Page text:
Wednesday, May 21, 2008

Cultivating the Close Face

The close-up of female persecution, immortalized cinematically perhaps beyond improvement in Dreyer's Passion of Joan of Arc. The trope finds itself re-interpreted within the broader context of the Bressonian aesthetic in his Trial of Joan of Arc. Rossellini in his own way sought to pare things down at least as much as Bresson (for different reasons, to different ends*). He made his own Jeanne d'Arc film, with Ingrid Bergman, but the work I'm including a screengrab from is Blaise Pascal, his 1972 telefilm--this is not Joan, but an unimportant peasant woman. Working hard to do away with "acting," Rossellini, who used close-ups sparingly in this late period, nevertheless tried to imbue in the very grain of the image, in the contours and colors of the face, something of the substance of humanity. This was not to better illustrate a story but to pinpoint the essence, manifest in a body, of the worldly continuum called History of which we were all part. The progress of Man, as he would have termed it.

* Not altogether different.

A different strain of cinema reflected upon the image of female suffering--persecution in the courthouse, and destruction at the stake. (Below this paragraph are stills from Michael Reeves' Witchfinder General and Jesus Franco's The Bloody Judge.) These images reconnect the suffering to their purpose in the narrative: the exploitation at work is of human empathy for the depicted object--another human--exhibiting pain whether real or fictional. (In Preminger's Saint Joan the flame that engulfed Jean Seberg's face for a split second, causing her to scream, was real.) To infuse sexuality into the violent act (that is, to visibly re-infuse it); to turn the rule of authority, of the state, into a rule over bodily pleasures as well as pain. Some of the charge of the more-or-less modernist images of Dreyer, Bresson, Rossellini comes from the same place tread openly by Reeves, Franco, Piers Haggard, countless other schlock practicioners. The ingenuity with which a film treats this 'figuration' has little to do with its genre placement or its place in the brow-level scheme of things. What is vital is that Dreyer and Bresson, though "minimalists" whatever that means, were still including shots that emphasized not religious austerity but economical simplicity. If these films are like a case of connect the dots, it is worth noting what connected the shot-to-shot. These filmmakers were not stupid men; they are arranging elements in the frame and shots in time to deliberate effect--to impart something about the social order in which these women suffered, something about the corporeal, emotional, kinaesthetic experiences amidst the trappings of Law (produced by a chirographic society, with exegesis & rhetoric). These films are nothing if not palpable. If the exploitation film is sometimes more direct than the art film, it does not follow that it is always more honest or even more forthright about its sources. Rossellini, too, in making his spare, simple images, was trying to illumine an entire social order--his vision of "Man" in time and space--by means of ostensibly a few elements. The complexity, though, adds up from concept to concept, gesture to gesture, shot to shot, sound to sound, very quickly. It is because the elements these particular master filmmakers (D, B, R) have chosen to use are those which are so fraught with meaning, so ... elemental. They are also the raw material of exploitation.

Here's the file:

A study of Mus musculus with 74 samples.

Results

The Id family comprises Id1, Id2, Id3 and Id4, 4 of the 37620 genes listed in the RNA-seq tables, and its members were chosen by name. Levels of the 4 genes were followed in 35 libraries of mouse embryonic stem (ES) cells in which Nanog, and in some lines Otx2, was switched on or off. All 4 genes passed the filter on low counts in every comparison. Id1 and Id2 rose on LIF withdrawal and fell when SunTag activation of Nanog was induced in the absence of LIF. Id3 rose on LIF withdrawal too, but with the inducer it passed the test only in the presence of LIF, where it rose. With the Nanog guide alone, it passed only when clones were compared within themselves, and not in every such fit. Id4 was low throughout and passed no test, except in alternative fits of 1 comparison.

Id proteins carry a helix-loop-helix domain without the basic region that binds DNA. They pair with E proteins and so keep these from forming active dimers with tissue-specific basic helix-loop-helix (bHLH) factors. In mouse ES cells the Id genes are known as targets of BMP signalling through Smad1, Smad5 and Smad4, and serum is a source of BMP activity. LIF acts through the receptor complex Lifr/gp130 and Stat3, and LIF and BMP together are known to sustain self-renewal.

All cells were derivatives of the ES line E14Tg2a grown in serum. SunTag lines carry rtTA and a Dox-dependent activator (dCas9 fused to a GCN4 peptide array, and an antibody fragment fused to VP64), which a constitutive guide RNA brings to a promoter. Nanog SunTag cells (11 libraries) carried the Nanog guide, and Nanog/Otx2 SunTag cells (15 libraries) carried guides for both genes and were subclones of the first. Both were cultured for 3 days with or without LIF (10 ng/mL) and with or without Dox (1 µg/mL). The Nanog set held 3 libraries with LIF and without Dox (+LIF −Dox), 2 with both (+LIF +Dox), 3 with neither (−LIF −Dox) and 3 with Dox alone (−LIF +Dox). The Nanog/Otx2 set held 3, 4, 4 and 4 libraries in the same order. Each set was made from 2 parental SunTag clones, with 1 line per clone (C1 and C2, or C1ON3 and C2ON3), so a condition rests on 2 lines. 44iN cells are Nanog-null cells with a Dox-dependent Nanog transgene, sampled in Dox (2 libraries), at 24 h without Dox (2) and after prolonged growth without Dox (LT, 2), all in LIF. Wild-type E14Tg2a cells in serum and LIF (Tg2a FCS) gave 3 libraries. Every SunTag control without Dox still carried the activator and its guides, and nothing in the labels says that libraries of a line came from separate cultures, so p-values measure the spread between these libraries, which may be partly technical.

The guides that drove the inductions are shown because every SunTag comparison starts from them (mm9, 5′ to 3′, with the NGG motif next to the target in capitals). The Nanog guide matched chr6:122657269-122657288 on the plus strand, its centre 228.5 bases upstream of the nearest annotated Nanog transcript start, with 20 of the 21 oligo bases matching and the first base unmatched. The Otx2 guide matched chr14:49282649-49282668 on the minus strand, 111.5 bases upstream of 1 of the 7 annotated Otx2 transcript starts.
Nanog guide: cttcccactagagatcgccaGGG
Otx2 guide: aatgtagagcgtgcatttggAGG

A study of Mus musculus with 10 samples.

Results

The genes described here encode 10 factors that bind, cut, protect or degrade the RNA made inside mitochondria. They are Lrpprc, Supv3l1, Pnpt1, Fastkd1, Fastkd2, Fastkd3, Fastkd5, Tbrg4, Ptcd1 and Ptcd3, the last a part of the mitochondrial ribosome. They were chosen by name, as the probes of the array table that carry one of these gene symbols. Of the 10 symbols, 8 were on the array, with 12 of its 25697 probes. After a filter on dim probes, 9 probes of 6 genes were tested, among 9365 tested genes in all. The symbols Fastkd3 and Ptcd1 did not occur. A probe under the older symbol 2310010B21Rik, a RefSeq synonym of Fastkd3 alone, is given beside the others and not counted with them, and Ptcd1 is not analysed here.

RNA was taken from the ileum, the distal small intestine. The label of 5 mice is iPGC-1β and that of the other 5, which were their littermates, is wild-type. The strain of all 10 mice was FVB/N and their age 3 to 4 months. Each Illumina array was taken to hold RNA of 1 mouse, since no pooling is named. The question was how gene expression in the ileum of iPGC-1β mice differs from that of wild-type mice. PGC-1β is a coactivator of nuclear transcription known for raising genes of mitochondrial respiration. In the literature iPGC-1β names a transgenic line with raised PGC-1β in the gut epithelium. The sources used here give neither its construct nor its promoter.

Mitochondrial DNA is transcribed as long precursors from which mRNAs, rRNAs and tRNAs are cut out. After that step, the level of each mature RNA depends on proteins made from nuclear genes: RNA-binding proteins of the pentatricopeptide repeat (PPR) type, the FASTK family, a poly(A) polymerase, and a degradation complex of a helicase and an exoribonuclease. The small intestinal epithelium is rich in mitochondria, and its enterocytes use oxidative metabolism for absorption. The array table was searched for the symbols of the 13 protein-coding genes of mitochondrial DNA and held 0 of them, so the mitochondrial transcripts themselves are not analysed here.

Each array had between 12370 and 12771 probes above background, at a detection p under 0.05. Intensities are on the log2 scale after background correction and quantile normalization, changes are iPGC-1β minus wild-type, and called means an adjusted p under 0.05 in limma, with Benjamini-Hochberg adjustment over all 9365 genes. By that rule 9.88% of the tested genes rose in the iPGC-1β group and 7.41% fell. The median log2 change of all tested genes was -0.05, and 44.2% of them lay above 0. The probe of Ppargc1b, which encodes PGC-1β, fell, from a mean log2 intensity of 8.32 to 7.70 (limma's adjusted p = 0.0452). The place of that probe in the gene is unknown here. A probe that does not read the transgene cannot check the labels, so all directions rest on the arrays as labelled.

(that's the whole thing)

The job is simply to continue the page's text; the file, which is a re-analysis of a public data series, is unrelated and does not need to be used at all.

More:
Frank Partisan said...

My friend does TV work. He was on Wil and Grace. He played a rabbi, who had a speech to give to the congregation. He was angry, when he saw the episode on TV, he didn't have a close-up. In hollywood people live for their closeup.

ZC said...

Close-ups are a strange thing indeed--on one hand, as you point out, they can be a key narcissistic (or self-promotional) goal for an actor. At the same time there are theorists who've suggested the close-up is so vital and powerful a possibility in cinema precisely because it draws in the audience--perhaps as though it's them, and not so much the depicted object, that "makes" the close-up.